Barbara McClellan

Now is as good a time as ever to talk about food storage and preservation.

Of course, we are all anxious about the COVID-19 situation, because we are facing something unknown and foreign to us. Those of us who were touched in any form by WWII — the rationing, the shortages, the “make-do” with what we have — are slightly familiar with this situation. Also, we who had parents who were reared during the Depression era know how our families wanted to be prepared for “anything that might happen.”

I can remember my family growing a garden and keeping a few extra cans of foods and supplies “in case anything happened.” For a few generations now we have been able to buy any and everything with lots of choices, if we had the money.

There is another thing happening that I remember from the war days. I have already seen and felt a greater sense of caring and community than in many years. Several friends younger than us (it seems like the whole world is), call or text us frequently just to check to see if we are OK and if we need anything. We have friends and neighbors who are willing to share if they have extras of the essentials.

Once again, we are at a time when we need to avoid waste of food and other products. I recently read that Americans throw away almost 100 pounds of food per person each year. Much of our discarded food is wasted because we are confused by what the labeling dates on food mean. I have written about this before.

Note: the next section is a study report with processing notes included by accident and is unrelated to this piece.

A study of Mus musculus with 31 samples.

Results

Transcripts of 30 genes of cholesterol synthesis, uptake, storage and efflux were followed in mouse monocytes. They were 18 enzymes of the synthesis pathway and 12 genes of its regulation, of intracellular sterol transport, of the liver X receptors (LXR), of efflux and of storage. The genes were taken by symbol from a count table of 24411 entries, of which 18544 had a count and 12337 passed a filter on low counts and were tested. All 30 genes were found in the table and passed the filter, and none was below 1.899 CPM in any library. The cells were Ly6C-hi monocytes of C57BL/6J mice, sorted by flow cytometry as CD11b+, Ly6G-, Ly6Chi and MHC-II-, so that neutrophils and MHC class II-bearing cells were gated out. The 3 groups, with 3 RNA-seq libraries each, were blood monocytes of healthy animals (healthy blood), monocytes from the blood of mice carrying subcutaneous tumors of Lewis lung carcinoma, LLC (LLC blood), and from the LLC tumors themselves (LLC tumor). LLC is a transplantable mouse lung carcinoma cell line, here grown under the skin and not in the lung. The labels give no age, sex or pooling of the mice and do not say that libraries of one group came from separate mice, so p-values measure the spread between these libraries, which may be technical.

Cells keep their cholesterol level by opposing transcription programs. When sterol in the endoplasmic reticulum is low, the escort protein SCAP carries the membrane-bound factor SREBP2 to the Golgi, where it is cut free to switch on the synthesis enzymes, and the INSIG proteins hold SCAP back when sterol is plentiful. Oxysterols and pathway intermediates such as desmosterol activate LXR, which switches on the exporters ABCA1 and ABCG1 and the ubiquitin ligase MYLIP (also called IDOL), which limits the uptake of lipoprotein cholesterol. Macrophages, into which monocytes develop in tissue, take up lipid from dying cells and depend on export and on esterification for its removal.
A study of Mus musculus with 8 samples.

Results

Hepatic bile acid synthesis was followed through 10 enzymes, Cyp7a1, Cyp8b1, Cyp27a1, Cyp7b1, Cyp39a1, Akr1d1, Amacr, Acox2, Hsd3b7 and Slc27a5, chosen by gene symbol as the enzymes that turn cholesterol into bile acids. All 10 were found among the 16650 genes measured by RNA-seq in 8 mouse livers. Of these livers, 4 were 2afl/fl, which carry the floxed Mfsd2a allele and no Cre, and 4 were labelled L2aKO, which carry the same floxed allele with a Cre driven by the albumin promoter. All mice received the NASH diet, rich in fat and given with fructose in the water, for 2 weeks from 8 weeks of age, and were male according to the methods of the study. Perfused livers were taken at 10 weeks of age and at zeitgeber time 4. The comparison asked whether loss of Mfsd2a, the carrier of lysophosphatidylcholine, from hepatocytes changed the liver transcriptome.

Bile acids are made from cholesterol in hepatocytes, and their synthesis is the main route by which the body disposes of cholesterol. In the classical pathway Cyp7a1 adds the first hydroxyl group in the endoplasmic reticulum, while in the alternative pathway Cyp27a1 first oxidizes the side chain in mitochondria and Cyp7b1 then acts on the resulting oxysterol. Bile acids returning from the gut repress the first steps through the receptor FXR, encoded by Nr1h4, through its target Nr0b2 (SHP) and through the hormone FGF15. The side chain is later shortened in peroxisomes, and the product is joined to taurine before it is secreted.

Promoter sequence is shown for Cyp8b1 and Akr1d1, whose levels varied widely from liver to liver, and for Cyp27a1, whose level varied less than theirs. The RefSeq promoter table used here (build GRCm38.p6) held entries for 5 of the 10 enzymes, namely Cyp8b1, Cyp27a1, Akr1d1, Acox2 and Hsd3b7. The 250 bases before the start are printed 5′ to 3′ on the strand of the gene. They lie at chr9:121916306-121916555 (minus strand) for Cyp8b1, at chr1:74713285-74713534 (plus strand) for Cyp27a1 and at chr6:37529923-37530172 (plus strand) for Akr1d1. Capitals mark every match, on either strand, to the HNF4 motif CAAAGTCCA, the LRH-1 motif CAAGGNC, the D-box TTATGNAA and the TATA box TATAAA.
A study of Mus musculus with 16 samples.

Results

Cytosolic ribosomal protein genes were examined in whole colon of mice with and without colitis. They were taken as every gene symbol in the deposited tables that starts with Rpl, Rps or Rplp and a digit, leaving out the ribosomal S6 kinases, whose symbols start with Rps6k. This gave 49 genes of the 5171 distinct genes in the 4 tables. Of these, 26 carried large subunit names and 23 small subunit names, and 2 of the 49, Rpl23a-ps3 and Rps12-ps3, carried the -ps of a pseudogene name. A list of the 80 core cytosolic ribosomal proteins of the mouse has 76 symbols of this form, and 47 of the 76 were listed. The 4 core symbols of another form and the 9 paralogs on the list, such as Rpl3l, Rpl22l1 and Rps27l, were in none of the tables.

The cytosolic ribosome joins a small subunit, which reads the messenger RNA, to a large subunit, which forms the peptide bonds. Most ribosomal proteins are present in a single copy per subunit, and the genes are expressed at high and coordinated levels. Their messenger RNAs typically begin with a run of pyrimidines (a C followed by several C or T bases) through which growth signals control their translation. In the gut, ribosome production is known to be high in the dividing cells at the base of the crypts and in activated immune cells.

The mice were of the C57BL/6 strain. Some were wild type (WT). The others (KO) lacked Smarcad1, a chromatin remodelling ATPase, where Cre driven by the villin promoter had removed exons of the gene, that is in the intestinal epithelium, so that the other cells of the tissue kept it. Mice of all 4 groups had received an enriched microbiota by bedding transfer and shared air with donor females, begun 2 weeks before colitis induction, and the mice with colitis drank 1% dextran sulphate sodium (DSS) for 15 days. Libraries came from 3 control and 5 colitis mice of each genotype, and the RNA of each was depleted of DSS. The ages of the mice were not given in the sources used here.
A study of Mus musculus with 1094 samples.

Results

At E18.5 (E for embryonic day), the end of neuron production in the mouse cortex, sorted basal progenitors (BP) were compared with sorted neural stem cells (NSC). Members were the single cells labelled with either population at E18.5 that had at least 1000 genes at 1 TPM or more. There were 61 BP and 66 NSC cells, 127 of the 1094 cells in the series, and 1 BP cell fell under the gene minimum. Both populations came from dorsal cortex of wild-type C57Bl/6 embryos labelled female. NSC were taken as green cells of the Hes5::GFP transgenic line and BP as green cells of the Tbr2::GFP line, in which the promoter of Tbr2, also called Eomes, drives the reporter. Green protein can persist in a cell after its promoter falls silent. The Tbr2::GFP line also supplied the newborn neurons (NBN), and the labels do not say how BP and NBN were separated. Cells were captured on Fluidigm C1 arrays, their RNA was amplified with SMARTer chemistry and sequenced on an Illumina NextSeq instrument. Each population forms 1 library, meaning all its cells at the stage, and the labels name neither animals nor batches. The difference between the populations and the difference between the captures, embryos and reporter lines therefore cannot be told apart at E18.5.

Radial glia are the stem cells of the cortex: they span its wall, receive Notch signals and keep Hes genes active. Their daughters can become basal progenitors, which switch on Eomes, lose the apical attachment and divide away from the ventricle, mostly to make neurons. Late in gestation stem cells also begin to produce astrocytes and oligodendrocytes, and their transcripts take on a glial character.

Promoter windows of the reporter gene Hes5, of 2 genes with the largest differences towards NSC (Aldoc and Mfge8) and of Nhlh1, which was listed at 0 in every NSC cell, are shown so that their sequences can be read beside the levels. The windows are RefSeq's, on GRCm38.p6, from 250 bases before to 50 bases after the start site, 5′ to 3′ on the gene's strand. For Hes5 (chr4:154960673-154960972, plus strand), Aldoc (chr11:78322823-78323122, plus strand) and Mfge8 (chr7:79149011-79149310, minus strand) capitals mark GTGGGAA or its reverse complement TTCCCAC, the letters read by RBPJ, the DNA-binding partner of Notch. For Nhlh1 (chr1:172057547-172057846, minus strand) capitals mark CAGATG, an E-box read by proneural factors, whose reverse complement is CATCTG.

The categories of labeling:

Best by: Guarantees the quality (crackers and chips are still crisp)

Best if sold by: This date is set by manufacturers, again for quality of the flavor

Use by: Not a safety date except in baby formulas, but probably the category that is most accurate.

As you see, there is confusion, and the FDA is supposedly trying to make a uniform labeling system for all products.

I personally think that a good sense of smell and common sense are the best guides to use in whether to save, eat or toss. The next statements are simply from personal experience that I have acquired in over 50 years of cooking (and writing).

Milk and dairy products are usually good 1-2 weeks past the date, depending on the temperature of your refrigerator and if the milk is kept under refrigeration consistently. Try to keep the dairy product in the back of the fridge (not in the door)

Eggs, if refrigerated, are good 3-4 weeks past date on carton. Leave the eggs in the carton, rather than putting them in the door storage. Some countries leave eggs out, unrefrigerated, and according to authorities, eggs that we buy in grocery stores have been washed, which removes some of the natural protective coating.

Cereals, grains, chips and crackers are good, if kept tightly closed (buy some clothespins!) for months after the expiration date.

Greens probably need to be eaten within the week of purchase, but I never hesitate to buy the greens that are marked down. Each store has individual rules about how many dates before the” end date” the produce items are marked down.

Meat, poultry and seafood are the items that we need to pay closest attention to in keeping them safe to eat. Meat changes in color, feel and smell when it begins to deteriorate, just as poultry and seafood do. Remember,your nose is the best guide. Freeze these items, tightly wrapped, before they start to go bad.

— Barbara Richardson McClellan is a longtime food columnist and has written three self-published cookbooks. Her column appears in the News-Journal’s Taste section each Wednesday. Write her at or in care of the Longview News-Journal, P.O. Box 1792, Longview, TX 75606.